Molecular Medicine Reports | Year: 2014

Gamma knife surgery (GKS) is used for the treatment of various brain diseases. However, the mechanisms underlying brain injury following irradiation remain to be elucidated. Given that vascular endothelial growth factor (VEGF) is closely associated with pathological angiogenesis and the permeability of the blood brain barrier (BBB), the present study was designed to analyze temporal alterations in VEGF expression in the cerebral cortex and the effect of VEGF on cerebral edema in rats following GKS. Adult male Wistar rats were subjected to GKS at maximum doses of 60 Gy. Animals were sacrificed between 4 and 24 weeks after GKS. Immunohistochemistry, enzyme linked immunosorbent assay and reverse transcription polymerase chain reaction (RT PCR) were employed for detecting VEGF expression. The vessel density was measured by CD31+ cell count and vascular structures were examined using electron microscopy. Brain water content and BBB permeability were measured in the present study. VEGF expression in the irradiated cortex progressively increased until 16 weeks after GKS when the maximal expression was reached, and then gradually decreased to the control level 24 weeks after GKS. These findings were confirmed by RT PCR. A mild decrease in vessel density was observed 4 weeks after GKS, followed by an increase in vessel density between 8 and 20 weeks later. Furthermore, previous studies also demonstrated vascular damage, opening of the BBB and an increase in brain water content occurring simultaneously. To the best of our knowledge, these data demonstrated for the first time dynamic changes in VEGF expression following GKS and also suggest the importance of VEGF expression in pathological angiogenesis and edema formation following GKS.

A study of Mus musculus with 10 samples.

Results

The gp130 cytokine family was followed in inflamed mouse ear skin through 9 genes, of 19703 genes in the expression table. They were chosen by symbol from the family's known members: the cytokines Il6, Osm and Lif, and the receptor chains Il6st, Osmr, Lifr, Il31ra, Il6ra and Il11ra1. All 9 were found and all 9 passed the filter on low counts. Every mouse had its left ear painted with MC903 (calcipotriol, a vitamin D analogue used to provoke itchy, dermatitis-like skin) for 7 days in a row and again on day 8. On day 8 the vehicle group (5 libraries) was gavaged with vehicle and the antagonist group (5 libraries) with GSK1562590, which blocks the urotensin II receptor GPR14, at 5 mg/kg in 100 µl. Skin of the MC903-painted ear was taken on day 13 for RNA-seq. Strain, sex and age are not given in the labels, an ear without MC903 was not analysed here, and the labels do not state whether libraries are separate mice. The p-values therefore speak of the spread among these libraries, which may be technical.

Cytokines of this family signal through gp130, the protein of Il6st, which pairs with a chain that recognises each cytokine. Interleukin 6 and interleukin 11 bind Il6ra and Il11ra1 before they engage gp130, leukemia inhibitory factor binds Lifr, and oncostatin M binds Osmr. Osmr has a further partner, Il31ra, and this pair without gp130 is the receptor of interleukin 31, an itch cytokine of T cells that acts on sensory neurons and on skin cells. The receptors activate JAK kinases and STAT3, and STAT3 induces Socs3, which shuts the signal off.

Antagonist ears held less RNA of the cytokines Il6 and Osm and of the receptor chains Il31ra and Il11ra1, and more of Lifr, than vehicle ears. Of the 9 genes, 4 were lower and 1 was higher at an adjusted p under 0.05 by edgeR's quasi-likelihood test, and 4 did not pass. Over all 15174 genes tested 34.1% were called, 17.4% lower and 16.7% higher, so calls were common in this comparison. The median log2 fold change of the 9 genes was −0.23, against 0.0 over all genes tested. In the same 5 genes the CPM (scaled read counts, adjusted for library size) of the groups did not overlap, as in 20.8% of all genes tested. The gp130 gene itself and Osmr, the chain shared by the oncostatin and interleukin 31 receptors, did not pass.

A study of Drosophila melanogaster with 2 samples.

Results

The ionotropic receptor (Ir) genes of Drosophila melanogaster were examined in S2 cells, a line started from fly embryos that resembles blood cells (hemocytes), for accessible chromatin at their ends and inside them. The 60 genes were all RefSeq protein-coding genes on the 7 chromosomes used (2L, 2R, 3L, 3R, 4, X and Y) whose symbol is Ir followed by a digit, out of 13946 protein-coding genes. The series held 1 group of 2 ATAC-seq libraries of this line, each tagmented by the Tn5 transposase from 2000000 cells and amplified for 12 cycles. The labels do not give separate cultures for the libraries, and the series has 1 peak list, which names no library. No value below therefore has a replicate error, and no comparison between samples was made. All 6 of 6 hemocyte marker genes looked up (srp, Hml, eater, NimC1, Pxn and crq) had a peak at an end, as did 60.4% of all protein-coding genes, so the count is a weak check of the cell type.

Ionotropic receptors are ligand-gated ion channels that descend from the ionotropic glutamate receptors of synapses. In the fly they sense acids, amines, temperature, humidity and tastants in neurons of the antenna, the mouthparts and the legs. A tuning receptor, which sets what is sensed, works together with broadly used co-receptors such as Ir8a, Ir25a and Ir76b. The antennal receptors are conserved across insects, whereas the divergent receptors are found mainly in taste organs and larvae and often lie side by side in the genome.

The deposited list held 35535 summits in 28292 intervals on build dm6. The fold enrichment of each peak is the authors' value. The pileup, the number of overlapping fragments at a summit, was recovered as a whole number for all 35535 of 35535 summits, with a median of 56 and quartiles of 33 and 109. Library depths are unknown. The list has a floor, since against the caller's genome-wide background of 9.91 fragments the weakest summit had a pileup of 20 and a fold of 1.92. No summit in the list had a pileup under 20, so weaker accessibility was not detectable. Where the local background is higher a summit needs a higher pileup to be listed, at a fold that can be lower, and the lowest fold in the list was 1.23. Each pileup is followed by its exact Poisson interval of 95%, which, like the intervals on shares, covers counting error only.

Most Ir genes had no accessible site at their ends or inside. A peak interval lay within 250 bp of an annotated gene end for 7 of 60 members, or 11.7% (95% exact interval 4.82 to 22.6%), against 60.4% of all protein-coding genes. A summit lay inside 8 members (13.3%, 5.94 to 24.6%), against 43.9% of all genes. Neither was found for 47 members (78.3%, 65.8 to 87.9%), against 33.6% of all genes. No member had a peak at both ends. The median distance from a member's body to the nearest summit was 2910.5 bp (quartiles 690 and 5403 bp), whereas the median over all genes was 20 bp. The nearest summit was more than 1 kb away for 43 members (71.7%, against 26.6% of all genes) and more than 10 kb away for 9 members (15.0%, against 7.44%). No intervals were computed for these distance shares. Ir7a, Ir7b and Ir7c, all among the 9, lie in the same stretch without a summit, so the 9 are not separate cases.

PubMed | Jixian Peoples Hospital, Fourth Hospital of Baotou, Tianjin Medical University, Tianjin Huanhu Hospital and First Hospital of Qinhuangdao
Type: Journal Article | Journal: Molecular medicine reports | Year: 2014

Gamma knife surgery (GKS) is used for the treatment of various brain diseases. However, the mechanisms underlying brain injury following irradiation remain to be elucidated. Given that vascular endothelial growth factor (VEGF) is closely associated with pathological angiogenesis and the permeability of the blood brain barrier (BBB), the present study was designed to analyze temporal alterations in VEGF expression in the cerebral cortex and the effect of VEGF on cerebral edema in rats following GKS. Adult male Wistar rats were subjected to GKS at maximum doses of 60Gy. Animals were sacrificed between 4 and 24weeks after GKS. Immunohistochemistry, enzymelinked immunosorbent assay and reverse transcriptionpolymerase chain reaction (RTPCR) were employed for detecting VEGF expression. The vessel density was measured by CD31+ cell count and vascular structures were examined using electron microscopy. Brain water content and BBB permeability were measured in the present study. VEGF expression in the irradiated cortex progressively increased until 16weeks after GKS when the maximal expression was reached, and then gradually decreased to the control level 24weeks after GKS. These findings were confirmed by RTPCR. A mild decrease in vessel density was observed 4weeks after GKS, followed by an increase in vessel density between 8 and 20weeks later. Furthermore, previous studies also demonstrated vascular damage, opening of the BBB and an increase in brain water content occurring simultaneously. To the best of our knowledge, these data demonstrated for the first time dynamic changes in VEGF expression following GKS and also suggest the importance of VEGF expression in pathological angiogenesis and edema formation following GKS.